When Ann Judson reached the conclusion that the New Testament gave no warrant for infant baptism but instead taught by command, example, and true covenantal continuity that baptism, immersion, is of believers only, it came as a result of careful study of Scripture and a deep-seated commitment to self-denial for the sake of conformity to revealed truth. This did not conform to her immediate desires, the instruction of trusted and faithful counselors in her past, the practice of her entire circle of friends, or the prospects for future usefulness. She wrote to her parents, explaining the events that led to the change in her view of baptism and exclaimed, “Thus, my dear parents and sisters, we are both confirmed Baptists, not because we wished to be but because truth compelled us to be.” She went on to say that “a renunciation of our former sentiments has caused us more pain, than any thing which ever happened to us through our lives.”
In realization of the loss of status among other “painful sacrifices,” indeed “inexpressibly painful,” she wrote a friend in Bradford, “Can you, my dear Nancy, still love me, still desire to hear from me, when I tell you I have become a Baptist?” In her diary, August 1812, she had described the ardors of the study of this subject and expressed to her own conscience and to God, “I intend to persevere in examining the subject, and hope that I shall be disposed to embrace the truth, whatever it may be.” In addition, she contemplated with pure candor, “It is painfully mortifying to my natural feelings, to think seriously of renouncing a system which I have been taught from infancy to believe and respect.”
She was certainly not of the mindset that dominates many professing Christians today, in what Ross Douthat has identified as “Bad Religion,” that considers the present perception of optimal happiness as the final test for discerning the will of God (even when it involves a violation of a direct command of Scripture). On September 1, the newly-named Mrs. Judson wrote that, contrary to her prejudices and wishes, she was “compelled to believe, that believers’ baptism alone is found in Scripture.” She had used the same language in narrating her husband’s study in saying that through his examinations and comparisons of the evidence he “was compelled from a conviction of the truth, to embrace those of “the Baptists.” In thus reviewing all the kind providence of God, on December 22, she put this painful change in the context of God’s special provisions, protections, and mercies to her during the past year. He had given her the name of one that “loves the cause of Christ, and makes the promotion of it the business of his life,” and in a variety of ways had blessed them in the massive displacement geographically and culturally, and “has led us to examine the truths of his word, and given us clearer views, than ever before, of the ordinances of his house.”
When she acknowledged, confessedly with pain, the compelling nature of truth in this matter, her capitulation did not come from a mere passing and shallow grasp of the text of Scripture or its many inter-relationships and contextual demands on the interpreter. “If ever,” she emphasized, “I gave myself to the inspired word, I have done so during this investigation.” As she expressed in the emotion-ridden letter to her friend Nancy, “this alteration hath not been the work of an hour, a day, or a month. The subject has been maturely, candidly, and, I hope, prayerfully examined for months.”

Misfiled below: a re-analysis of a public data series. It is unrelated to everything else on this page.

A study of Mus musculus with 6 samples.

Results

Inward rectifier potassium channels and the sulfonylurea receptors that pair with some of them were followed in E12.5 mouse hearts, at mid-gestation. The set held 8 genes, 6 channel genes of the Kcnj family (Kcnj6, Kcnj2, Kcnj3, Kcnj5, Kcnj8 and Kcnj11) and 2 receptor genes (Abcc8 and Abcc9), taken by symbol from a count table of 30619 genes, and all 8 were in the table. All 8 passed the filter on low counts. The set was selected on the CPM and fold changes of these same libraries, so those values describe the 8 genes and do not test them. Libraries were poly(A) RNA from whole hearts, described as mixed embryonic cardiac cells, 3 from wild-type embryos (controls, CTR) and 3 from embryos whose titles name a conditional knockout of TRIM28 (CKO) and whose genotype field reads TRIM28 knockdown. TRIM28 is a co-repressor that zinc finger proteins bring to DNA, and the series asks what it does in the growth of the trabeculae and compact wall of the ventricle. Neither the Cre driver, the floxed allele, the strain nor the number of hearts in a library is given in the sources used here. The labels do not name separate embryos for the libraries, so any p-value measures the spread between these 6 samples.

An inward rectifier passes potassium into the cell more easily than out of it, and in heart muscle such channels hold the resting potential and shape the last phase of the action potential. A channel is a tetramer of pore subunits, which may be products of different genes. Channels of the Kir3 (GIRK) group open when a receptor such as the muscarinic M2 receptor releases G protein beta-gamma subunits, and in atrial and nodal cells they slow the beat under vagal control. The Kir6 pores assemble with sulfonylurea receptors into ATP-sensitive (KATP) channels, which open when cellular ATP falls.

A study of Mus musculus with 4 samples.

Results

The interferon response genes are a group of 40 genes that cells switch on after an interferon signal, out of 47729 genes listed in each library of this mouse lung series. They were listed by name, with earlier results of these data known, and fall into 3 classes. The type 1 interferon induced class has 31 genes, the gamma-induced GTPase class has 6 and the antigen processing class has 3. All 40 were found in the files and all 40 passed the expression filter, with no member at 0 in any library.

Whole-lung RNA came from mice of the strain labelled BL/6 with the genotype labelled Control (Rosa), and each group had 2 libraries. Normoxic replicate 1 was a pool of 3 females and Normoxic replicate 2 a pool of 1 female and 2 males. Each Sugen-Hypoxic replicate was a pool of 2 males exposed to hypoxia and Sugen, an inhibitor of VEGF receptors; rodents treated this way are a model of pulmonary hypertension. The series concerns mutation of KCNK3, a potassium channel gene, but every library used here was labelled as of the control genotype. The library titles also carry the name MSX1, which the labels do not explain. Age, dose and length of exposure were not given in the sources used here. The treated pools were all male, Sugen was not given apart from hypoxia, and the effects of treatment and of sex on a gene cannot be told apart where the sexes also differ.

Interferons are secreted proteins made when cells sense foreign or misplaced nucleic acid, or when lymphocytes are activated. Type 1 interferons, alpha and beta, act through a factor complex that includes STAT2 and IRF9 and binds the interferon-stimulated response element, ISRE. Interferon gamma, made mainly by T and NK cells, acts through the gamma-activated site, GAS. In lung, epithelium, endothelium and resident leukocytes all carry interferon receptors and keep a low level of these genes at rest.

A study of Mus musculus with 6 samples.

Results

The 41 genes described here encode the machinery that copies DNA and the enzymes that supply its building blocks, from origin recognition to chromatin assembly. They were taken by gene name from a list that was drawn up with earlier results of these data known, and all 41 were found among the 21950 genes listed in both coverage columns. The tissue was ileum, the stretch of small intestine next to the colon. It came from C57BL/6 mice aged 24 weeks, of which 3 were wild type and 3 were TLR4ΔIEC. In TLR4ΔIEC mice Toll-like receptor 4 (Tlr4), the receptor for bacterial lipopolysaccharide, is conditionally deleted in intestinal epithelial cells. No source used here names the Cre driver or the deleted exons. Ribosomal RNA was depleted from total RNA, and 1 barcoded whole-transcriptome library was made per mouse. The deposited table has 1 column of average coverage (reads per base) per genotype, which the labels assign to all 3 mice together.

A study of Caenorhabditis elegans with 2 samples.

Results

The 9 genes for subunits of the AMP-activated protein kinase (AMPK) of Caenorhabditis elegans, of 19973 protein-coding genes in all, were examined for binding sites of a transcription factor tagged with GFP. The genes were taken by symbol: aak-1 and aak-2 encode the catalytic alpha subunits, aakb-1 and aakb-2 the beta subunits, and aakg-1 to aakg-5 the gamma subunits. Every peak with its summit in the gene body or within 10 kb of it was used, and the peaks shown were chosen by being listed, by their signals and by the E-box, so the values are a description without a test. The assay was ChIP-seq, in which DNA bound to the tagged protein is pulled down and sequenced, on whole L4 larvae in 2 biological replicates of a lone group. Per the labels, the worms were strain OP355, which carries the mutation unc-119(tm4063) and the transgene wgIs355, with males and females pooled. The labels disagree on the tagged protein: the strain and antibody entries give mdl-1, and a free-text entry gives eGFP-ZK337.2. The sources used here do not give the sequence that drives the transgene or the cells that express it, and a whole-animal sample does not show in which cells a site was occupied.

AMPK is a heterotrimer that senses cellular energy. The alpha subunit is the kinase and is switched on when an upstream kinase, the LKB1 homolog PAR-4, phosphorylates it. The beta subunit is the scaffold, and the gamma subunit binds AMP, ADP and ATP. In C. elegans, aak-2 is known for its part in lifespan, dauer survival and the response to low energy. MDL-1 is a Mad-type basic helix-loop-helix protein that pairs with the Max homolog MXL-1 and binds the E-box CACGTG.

Before this most surprising and painful development, she had written a friend (while still on board ship), without any reference to the issue of baptism, “I have spent most of my time, since on the water, in reading. I knew I needed a more intimate acquaintance with the sacred Scriptures; consequently, I have confined my attention almost exclusively to them. I have read the New Testament once through in course, two volumes of Scott’s Commentary on the Old, Paley, Trumbull, and Dick, on the Inspiration of the Scriptures, together with Faber and Smith on the Prophecies. I have been much interested in reading these authors on inspiration, on account of my almost total ignorance of the evidences of the divinity of the Scriptures, and I gained fresh evidence of the reality of the Christian religion. . . . How much enjoyment Christians lose by neglecting to study the Bible. The more we are conversant with it, the more we shall partake of the spirit of its author, and the more we shall feel that this world is not our home, and that we are rapidly hastening to another.”
Her Bible-centered, truth-centered vision of life arose from the dominant God-centeredness that had saturated her affections at the point of her conversion. When comparing Sir William Jones with Phillip Doddridge she remarked that the goal of one was the applause of man and of the other the approbation of God. When she discerned her own heart stray from God to seek happiness in other objects, she resolved to be “more watchful over the sins of our hearts, and make greater efforts to live devoted to God.” Though she found profound happiness and even spiritual satisfaction in her relationship with her new husband, she resolved, “May even that one tie which still binds me to earth, though so strong and endearing, not hold my heart, my thoughts from Him, who alone is worthy of my supreme regard.”
Every disciple of Christ looks to experience this kind of Christ-saturated, truth-submissive life intent on the glory of God and devoted to the goodness of His sovereign prerogatives. We find, however, another spirit often pressing us, not only from indwelling sin, but from a theology that interprets Christianity in more world-centered, man-centered, happy-now-centered terms. This change did not occur overnight, but gradually, and we hope to isolate in the next few blogs the theological revolution that paved the way for this shift.